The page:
Financial planners: we’re not all bad!
Written by Lynda Calver on October 08, 2015.
To admit that you work in the financial services industry generally accords you popularity status somewhere on a par with that of estate agent and traffic warden. There is the perception that all of us financial professionals are avaricious and selfish and that we would sell our own grandmothers to make a quick buck. It is not uncommon for me to be subjected to extreme hostility and lengthy diatribes on my questionable morals at social occasions, or even at networking events, when revealing what I do for a living.
Now I’ll be the first to admit that not all financial advisers are squeaky clean and acting out of altruistic motives, but then neither are all doctors, teachers or priests. The fact is that you simply can’t generalise about a whole profession, whether positively or negatively, and every industry attracts both good and bad (and usually it is just a few bad eggs who spoil it for the majority). What I do know is that most of the professionals that I come across in my industry are generally decent people. Of course they want to earn a reasonable living but they are not driven solely by materialistic motives but have a genuine interest in people and a desire to help them.
Finances are key to our emotional wellbeing and numerous psychologists have identified a strong correlation between money and happiness, although only up to a certain point. A study by professors at Princeton University famously concluded that happiness only increases until someone earns around $75,000 per year, which suggests that what most people crave is not vast wealth but enough money not to have to worry i.e. financial security.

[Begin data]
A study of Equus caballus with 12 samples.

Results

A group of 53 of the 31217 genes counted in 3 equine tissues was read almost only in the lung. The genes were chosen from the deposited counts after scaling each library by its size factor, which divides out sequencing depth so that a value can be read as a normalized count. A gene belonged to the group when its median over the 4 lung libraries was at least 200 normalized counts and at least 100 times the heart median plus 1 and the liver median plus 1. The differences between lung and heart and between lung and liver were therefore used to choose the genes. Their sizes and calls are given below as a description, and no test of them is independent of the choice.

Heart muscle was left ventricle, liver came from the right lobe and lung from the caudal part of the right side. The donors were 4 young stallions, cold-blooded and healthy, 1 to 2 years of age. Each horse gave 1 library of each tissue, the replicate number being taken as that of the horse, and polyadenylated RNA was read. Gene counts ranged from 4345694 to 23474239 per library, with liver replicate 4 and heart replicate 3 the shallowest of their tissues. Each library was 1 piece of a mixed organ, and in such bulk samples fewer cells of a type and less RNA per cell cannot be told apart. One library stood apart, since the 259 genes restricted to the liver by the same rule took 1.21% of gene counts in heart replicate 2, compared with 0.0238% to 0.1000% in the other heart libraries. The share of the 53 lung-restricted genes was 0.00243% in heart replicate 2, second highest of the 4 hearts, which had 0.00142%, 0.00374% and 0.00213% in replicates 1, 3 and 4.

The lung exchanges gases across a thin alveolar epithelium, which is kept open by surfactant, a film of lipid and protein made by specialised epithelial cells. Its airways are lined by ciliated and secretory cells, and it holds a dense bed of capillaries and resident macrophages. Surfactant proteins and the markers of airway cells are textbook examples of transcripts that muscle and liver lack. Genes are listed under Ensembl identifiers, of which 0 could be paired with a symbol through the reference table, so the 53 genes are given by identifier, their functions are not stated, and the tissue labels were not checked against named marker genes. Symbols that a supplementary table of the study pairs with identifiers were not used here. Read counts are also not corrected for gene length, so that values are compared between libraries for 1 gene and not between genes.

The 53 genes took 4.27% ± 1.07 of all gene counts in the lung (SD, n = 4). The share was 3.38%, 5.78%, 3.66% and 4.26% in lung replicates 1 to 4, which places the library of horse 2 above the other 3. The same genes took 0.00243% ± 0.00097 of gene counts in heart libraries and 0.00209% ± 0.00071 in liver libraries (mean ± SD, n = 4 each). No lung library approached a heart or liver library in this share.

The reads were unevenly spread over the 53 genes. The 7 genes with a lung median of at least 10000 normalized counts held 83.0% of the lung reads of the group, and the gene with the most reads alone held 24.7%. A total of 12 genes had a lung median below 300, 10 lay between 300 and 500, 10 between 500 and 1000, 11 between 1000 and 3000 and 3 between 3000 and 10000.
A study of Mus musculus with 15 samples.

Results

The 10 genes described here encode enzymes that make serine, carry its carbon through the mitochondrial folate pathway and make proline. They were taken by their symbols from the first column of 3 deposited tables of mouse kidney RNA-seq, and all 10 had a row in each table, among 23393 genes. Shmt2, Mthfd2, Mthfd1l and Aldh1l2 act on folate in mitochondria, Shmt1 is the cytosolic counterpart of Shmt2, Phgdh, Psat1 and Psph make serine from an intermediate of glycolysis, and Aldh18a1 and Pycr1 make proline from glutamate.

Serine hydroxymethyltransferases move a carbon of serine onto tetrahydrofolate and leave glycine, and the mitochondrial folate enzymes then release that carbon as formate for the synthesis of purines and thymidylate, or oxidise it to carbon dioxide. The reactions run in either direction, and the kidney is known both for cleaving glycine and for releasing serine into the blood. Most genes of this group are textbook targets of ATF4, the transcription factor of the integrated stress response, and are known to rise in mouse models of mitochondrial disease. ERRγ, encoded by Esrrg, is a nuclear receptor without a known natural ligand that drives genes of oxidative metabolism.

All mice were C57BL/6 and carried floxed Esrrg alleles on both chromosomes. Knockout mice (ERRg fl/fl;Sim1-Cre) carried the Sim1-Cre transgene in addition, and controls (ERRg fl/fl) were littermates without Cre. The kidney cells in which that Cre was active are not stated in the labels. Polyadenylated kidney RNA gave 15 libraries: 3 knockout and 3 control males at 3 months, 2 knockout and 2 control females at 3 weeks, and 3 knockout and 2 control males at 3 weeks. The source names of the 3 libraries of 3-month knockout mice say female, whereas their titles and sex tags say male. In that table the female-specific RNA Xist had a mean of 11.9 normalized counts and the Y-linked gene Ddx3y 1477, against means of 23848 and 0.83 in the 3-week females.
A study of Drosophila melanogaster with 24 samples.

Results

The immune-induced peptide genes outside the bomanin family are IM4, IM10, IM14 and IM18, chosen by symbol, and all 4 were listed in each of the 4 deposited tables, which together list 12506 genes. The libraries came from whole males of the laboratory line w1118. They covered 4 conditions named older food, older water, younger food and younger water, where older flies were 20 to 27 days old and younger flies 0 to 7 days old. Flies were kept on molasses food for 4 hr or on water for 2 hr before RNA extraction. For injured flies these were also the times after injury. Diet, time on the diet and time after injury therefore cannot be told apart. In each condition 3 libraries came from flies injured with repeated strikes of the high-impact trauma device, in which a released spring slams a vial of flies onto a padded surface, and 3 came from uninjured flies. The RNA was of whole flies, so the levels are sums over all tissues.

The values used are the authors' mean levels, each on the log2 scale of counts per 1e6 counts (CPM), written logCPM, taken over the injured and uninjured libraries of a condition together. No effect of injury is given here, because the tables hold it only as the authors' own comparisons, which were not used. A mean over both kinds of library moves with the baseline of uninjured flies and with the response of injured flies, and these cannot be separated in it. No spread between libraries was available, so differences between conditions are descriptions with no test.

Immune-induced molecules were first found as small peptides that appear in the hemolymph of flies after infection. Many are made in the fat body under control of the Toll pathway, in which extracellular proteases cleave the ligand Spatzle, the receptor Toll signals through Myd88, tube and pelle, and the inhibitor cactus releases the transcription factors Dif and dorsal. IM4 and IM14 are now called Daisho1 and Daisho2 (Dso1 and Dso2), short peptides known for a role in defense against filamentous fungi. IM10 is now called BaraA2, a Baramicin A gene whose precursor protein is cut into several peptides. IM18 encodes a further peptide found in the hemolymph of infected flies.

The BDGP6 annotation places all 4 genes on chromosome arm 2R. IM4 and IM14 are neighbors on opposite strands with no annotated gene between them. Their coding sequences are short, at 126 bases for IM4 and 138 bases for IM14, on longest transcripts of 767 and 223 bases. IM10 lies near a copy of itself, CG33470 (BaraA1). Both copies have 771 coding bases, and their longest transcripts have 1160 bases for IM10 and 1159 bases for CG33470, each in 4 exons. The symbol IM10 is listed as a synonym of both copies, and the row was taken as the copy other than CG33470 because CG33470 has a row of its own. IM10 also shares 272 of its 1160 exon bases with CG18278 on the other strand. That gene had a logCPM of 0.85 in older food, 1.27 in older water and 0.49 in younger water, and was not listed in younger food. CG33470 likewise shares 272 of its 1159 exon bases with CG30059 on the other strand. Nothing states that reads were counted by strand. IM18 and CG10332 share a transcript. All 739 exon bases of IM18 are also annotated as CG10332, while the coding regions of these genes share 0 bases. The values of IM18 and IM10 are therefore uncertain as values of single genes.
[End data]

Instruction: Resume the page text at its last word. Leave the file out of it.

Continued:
Given the importance financial security holds in our lives, it is astonishing just how many people are reticent to seek help when it comes to securing it. The reputation of the financial services industry must partially be responsible for this but to tar all professionals in the industry with the same brush does some of us a disservice and also denies you of a service which can be genuinely valuable to you. Just as you would visit a doctor with concerns about your physical or mental health, concerns about your financial wellbeing can be addressed by a good financial adviser.
Of course you should select a financial adviser with care – professionalism, trust and industry knowledge are all important attributes. Have a look here for some tips about what to look out for in a financial adviser, and find some things to avoid here.
Personally, I take great pleasure from helping people to get their finances in tip top health. I can assist with savings and investments, retirement and estate planning and insurance protection to give my clients peace of mind. I work to strict industry standards and am constantly undergoing training to add to my skills and keep up with a rapidly changing financial landscape. If you are looking for a trustworthy profession, I hope you will judge me on my own merits rather than on the reputation of the disreputable few working in the industry.